The time has come to cage in the tomato starts! My seedlings are thriving out in this Missouri heat and seem to be growing faster than I anticipated.
I started them indoors just a few months ago when snow still covered the ground and now a few have blossomed! My, how time flies.
Last summer’s tomato season was abundant. We had about 15 plants that all produced multiple pounds of tomatoes for eating fresh, juicing, and freezing away.
One of the factors that lead to our successful tomato harvest was using large and sturdy cages to support our plants. We originally made the mistake of trying smaller and weaker cages and soon found our plants toppled over.
Our tomato cages definitely needed an upgrade, so we set about looking for a large, inexpensive, and durable option.
Come along as I share how we built our sturdy tomato cages for next-to-nothing, why we chose this design, and a few tips that we’ve learned along the way! The step-by-step instructions are just a few scrolls down, so head there if you’re ready to get going! If you’re interested in some additional information about tomato plants, continue reading right below.
Why Tomatoes Need Cages
Short answer: support!
Tomato plants are natural climbers, but they are not great at supporting themselves.
Unlike cucumbers, tomatoes do not have tendrils, so they can not twine around a structure without some help. They tend to lean on anything around them as they climb, so cages are great at keeping them upright.
Cages provide support all around the plant so that no side has the option of falling over. The plants will end up sprawled all over the ground if not caged in. This can make the fruit and plant more susceptible to pests, disease, and rotting.
You’ll see these at all the hardware stores in town. They are made of thin wire and shaped like a funnel with the large end at the top. Here’s my opinion of these cages…they are not effective! We utilized these last year and it wasn’t long before the plants outgrew the cages, topped over, and needed a larger and sturdier support system.
Certain tomato varieties (called determinate) that do not grow very large will probably work well in these. Any tomato plant that will produce large fruit (called indeterminate) will need something stronger!
I suggest researching which varieties you plan to grow before determining which kind of cage you need.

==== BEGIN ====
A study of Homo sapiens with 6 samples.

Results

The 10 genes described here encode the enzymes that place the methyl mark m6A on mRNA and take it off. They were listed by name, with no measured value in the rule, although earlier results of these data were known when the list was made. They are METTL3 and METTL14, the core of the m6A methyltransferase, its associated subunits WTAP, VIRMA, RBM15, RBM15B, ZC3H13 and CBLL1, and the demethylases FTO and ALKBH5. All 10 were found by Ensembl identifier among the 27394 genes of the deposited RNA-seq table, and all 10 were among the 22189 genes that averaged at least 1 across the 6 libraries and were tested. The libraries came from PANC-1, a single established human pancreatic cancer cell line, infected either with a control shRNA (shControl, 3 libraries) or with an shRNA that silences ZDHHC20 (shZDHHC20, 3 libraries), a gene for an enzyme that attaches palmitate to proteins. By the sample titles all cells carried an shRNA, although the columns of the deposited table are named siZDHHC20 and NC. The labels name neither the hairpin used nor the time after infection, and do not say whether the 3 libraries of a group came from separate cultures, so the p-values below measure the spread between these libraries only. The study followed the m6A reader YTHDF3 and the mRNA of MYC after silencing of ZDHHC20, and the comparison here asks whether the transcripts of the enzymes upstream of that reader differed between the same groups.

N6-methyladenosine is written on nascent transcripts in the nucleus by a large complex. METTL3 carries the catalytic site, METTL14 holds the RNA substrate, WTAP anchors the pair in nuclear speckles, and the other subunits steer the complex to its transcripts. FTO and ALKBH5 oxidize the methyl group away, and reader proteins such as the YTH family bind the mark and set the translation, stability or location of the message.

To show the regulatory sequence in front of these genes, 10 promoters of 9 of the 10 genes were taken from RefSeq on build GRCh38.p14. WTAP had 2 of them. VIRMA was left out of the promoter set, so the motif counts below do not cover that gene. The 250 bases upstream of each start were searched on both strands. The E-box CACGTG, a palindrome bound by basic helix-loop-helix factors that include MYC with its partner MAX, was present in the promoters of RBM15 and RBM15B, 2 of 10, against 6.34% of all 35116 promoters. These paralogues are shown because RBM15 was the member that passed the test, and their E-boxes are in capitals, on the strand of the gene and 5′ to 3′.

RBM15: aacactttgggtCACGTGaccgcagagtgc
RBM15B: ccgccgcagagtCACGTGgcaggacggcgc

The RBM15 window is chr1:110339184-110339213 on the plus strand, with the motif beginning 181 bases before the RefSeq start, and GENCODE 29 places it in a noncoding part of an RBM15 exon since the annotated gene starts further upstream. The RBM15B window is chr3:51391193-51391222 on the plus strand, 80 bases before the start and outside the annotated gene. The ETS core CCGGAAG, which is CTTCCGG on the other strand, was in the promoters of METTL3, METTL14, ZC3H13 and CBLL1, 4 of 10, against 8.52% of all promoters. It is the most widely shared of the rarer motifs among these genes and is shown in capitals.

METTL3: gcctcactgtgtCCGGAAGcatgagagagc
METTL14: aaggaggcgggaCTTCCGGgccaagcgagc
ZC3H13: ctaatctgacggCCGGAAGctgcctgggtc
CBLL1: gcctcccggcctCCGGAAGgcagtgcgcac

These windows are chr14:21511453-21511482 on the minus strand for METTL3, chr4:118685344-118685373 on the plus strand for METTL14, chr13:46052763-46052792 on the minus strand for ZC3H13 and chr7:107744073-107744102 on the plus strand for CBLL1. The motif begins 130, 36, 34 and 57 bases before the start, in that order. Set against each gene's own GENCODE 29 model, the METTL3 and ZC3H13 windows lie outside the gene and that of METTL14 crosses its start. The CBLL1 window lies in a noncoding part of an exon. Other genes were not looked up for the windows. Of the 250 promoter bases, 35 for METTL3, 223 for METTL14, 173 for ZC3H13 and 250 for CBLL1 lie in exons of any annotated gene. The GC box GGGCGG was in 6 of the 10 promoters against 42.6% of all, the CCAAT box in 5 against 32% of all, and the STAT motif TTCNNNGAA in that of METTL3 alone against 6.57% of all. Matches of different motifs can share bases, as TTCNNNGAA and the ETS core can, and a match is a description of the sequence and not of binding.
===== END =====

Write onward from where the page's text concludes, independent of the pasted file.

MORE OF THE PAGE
These cages are stainless steel, so no rusting! They also fold up for easy storage in the winter. These are a much better choice than funnel cages if you’re willing to spend a lot more for them.
I’m not completely convinced that they are strong enough to support a large tomato plant, but I don’t have any personal experience to base that off of!
This may be a great option for anyone who’d rather not DIY a cage.
A Few Lessons From Last Year
- Cage them in sooner rather than later. We waited much too late to cage in our tomatoes and let’s just say…wrestling tomato plants into a cage leaves you feeling…crabby. We are not repeating said mistake this year!
- Go bigger with the cage than you think is necessary. We started by placing the plants in small cages, but those soon caved to the weight of branches, leaves, and growing tomatoes. They were replaced with larger, sturdier cages about halfway through the season.
- Cutting and rolling the wire is best done with two people. The wire likes to roll back up on the person doing the cutting and securing!
How We Cage In Our Tomatoes
- Galvanized wire or zip ties
- Concrete Reinforcing Wire (you can find this at most hardware stores)
- 2 or 3 stakes per plant
- Measure the reinforcing wire to 6 or 7 feet in length.
- Roll the reinforcing wire over so that both short ends meet one another. This should shape it like a cylinder.
- Secure the cylinder by wrapping a strand of galvanized wire or a zip tie around where the ends of reinforcing wire meet. We added one at the top, bottom, and three throughout the middle area.
- Bend in the excess bits of wire to avoid cutting someone as they walk by the cage.
- Place the tomato cage around the plant.
- Weave the stake into four or five sections of the wire on the cage.
- Use the mallet to hammer the stakes into the ground.
Maintaining Your Tomatoes in Their Cages
As the plant grows, you’ll want to tuck the branches back into the cage and point them upward. Just be gentle. The branches tend to break easily!
Note: I recommend checking for escaping branches frequently, because they are easier to manipulate when they are small. The large ones are much more fragile!
Sometimes tomato plants grow right out of the top of the cage! Don’t worry, this is manageable. You have a few options to choose from.
If gardening season will soon be over, you can just let the plants be. They’ll be just fine until fall’s arrival.
But if its mid-summer and the plant shows no signs of stopping, adding additional height to your support is probably best. You can either add another cage on top of the original one and secure it well, or add a few tall stakes and string twine around them.
I’ve been very happy with these tomato cages thus far. The concrete wire that we chose to use allows for easy access to the plant for harvesting tomatoes and pulling off suckers.
They were also very inexpensive to DIY (cheaper than buying flimsy funnel cages).
The cages are not made from stainless steel, so they will rust over time, but I expect that they will last for many future gardening seasons!
I pray that your tomato season will be abundant and enjoyable!